Clearly, Bo Porter is making plans to manage the Houston Astros in 2014. He’s having season-ending conversations with players even before the season ends. He’s begun to whittle down the likely players who he’d like to write into his lineup next April.
Truth be known, he’s probably also planning some season-ending conversations with some of his coaches, conversations that could end their career in Houston.
If only we could peek behind the veil and be a fly on the wall for the real conversation. The one that Jeff Luhnow is having with Reid Ryan. About Bo Porter.
It would be a huge admission of failure if Porter were let go after only one year. And, while the Astros aren’t likely to fire the 41-year-old former outfielder, you have to wonder if Luhnow, Ryan and perhaps owner Jim Crane have had that discussion over a beer and nachos.
We all know that Luhnow wrote off 2013 a long time ago, but he probably didn’t plan on 110 losses either. Porter will be the first Astros’ manager to finish last in his division during the first year of his tenure. Obviously, he is the manager-of-record over the worst season in history record-wise: 108 and counting. And while he may be the numbers guy Luhnow was looking for, the more important relational tools required of managers may be somewhat lacking.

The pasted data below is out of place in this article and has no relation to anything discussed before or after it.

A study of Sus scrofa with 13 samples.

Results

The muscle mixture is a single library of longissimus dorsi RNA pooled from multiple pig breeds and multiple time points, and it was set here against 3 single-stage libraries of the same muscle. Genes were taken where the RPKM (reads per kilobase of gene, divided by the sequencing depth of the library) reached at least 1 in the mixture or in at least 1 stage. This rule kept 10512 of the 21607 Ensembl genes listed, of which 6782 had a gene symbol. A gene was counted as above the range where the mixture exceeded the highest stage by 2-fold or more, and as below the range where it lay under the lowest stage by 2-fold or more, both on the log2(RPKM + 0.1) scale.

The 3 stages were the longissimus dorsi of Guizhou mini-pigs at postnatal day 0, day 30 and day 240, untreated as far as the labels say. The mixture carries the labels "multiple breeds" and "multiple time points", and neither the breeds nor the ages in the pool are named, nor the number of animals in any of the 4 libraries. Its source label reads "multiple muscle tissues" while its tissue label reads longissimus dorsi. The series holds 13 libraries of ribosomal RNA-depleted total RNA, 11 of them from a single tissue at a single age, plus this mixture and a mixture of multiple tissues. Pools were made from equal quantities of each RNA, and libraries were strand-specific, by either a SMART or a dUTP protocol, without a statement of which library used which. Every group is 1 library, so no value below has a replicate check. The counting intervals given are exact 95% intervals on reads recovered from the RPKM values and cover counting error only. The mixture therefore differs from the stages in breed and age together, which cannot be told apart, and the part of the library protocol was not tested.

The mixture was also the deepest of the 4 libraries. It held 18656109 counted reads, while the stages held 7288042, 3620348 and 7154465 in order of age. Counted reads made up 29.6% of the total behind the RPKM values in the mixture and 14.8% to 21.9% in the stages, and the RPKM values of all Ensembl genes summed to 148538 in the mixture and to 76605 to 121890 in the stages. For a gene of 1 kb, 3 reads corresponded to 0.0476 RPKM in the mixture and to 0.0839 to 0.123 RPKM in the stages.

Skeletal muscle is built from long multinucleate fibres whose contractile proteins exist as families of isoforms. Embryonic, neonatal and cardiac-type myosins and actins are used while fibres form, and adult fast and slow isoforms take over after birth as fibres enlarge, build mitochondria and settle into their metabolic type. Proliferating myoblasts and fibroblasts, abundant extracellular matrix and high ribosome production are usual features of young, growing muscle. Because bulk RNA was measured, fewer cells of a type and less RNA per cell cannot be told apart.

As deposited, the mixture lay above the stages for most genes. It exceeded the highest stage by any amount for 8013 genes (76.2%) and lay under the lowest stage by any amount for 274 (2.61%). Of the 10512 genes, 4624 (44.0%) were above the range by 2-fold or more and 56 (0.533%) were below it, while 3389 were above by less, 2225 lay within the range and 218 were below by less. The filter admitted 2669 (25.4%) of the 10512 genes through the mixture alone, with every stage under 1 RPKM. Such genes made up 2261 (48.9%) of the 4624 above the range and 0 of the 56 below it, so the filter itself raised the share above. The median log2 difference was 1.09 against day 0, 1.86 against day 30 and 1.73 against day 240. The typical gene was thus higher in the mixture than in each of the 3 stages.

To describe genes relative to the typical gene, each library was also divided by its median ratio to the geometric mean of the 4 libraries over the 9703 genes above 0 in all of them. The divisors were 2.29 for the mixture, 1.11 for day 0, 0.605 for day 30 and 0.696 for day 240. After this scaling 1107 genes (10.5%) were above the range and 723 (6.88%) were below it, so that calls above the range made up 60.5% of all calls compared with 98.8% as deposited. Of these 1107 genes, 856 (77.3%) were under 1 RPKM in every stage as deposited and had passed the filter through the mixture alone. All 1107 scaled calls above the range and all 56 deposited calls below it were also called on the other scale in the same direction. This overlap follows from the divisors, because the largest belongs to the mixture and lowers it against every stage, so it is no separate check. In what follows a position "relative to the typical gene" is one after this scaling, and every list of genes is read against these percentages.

That said, most of us don’t know how he is behind closed doors, though we’ve heard some things publicly played out. Players such as Bud Norris and Lucas Harrell have been a bit vocal. Others have mumbled semi-privately.
Most of the players are young and won’t speak out as quickly. But Luhnow has undoubtedly been taking the pulse of the team with conversations of his own. Would that we knew the opinions of some players of the future like Jarred Cosart, Jason Castro, Brett Oberholtzer and others. You can bet Luhnow knows.
If Luhnow is second-guessing his not-even-year-old choice, you also have to wonder if he’s not keeping a close eye as the season ends for teams like the Yankees, Angels and perhaps Twins. There could be a scuffle to shuffle managers in November.
My prediction is that Luhnow takes the easy road. As many potholes as Porter has hit during the season, he hasn’t had much to work with and the revolving door of players hasn’t helped.
Porter stays, but some coaches go. At least that’s my take.
But the cloud will hang over Porter until he’s able to stabilize the ship. If Houston gets out of the gate slow in April, the buzzards could start to circle quickly.